Roy Lichtenstein, Whaam!, 1963
thanks to tate modern
what happened to wednesday's gallery? well, i lay in bed all day cultivating a cold. no gallery. oh well.
States of Flux
After last week's awesome experience of Idea and Object, I was looking forward to this section. I thought it would have been a great investigation of the art up until the 60s, incorporating the conceptual art movement: Fluxus (of which i'm quite a fan). I was sadly mistaken. Overall, i felt like it was called States of Flux because they couldn't find a way to tie these pieces together coherently, so it was easy to label them as flux, which is kind of way off the mark.
Anyway, despite that feeling about the overall flow of the section, it was also a section full of excellent artworks. Seriously fantastic ones, like a couple of important Picasso cubist works with his partner in crime, Braques, The Kiss by Auguste Rodin (swoon!) and a couple of excellent Claes Oldenbergs.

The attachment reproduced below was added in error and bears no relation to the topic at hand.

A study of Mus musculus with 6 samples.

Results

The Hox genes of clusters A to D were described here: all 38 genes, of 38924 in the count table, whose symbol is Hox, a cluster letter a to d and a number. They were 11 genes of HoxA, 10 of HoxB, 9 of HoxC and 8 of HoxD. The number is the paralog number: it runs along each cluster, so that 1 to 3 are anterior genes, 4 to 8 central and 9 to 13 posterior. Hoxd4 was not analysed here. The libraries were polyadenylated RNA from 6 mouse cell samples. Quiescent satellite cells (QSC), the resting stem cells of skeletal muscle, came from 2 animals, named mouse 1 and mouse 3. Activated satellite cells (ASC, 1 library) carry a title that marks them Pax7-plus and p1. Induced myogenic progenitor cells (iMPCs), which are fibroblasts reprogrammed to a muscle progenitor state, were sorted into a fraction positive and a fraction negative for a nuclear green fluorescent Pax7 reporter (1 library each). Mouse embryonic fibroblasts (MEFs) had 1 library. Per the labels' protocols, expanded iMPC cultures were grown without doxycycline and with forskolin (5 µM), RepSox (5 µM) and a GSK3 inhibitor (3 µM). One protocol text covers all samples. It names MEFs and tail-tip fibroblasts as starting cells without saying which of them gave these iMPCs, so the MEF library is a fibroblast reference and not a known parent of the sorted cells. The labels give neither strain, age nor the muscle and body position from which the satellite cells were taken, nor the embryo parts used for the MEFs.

The main image i went ga-ga over was Marcel Duchamp's The Bride Stripped Bare by her Bachelors, Even (which would have been perfectly complemented by Bride Falling Down the Stairs - his awesome cubist work). The Bride Stripped Bare, a glass drawing of the mechanics of human relationships and male/female desire is an important conceptual work - more a diagramatic blueprint and narrative than a visually cohesive piece, but it paved the way for all kinds of amazing works based on idea. The work in the Tate is a sanctioned replica by none other than UK pop art king Richard Hamilton and very well done, although i do like the glass cracks and dust in the original.
I drew a horrendous drawing of it, all outta whack, so today, it's a picture nicked from Wikipedia instead.
Marcel Duchamp, The Bride Stripped Bare by her Bachelors, Even, 1915-23,
replica Richard Hamilton, 1965-6
And just as a little tidbit, while I didn't quite go as loopy about it as I did the Marcel Duchamp, checking out Roy Lichtenstein's Whaam! pick, I suddenly got what i had read and heard in art history and theory about his work. He introduced the idea of craft into that which is normally taken for granted as mass-produced. He painted dot screen! I know, duh. Anyway, the penny dropped and I finally understood the flow on of success and understanding to Andy Warhol (who, by the way, doesn't make me weak at the knees, like he should).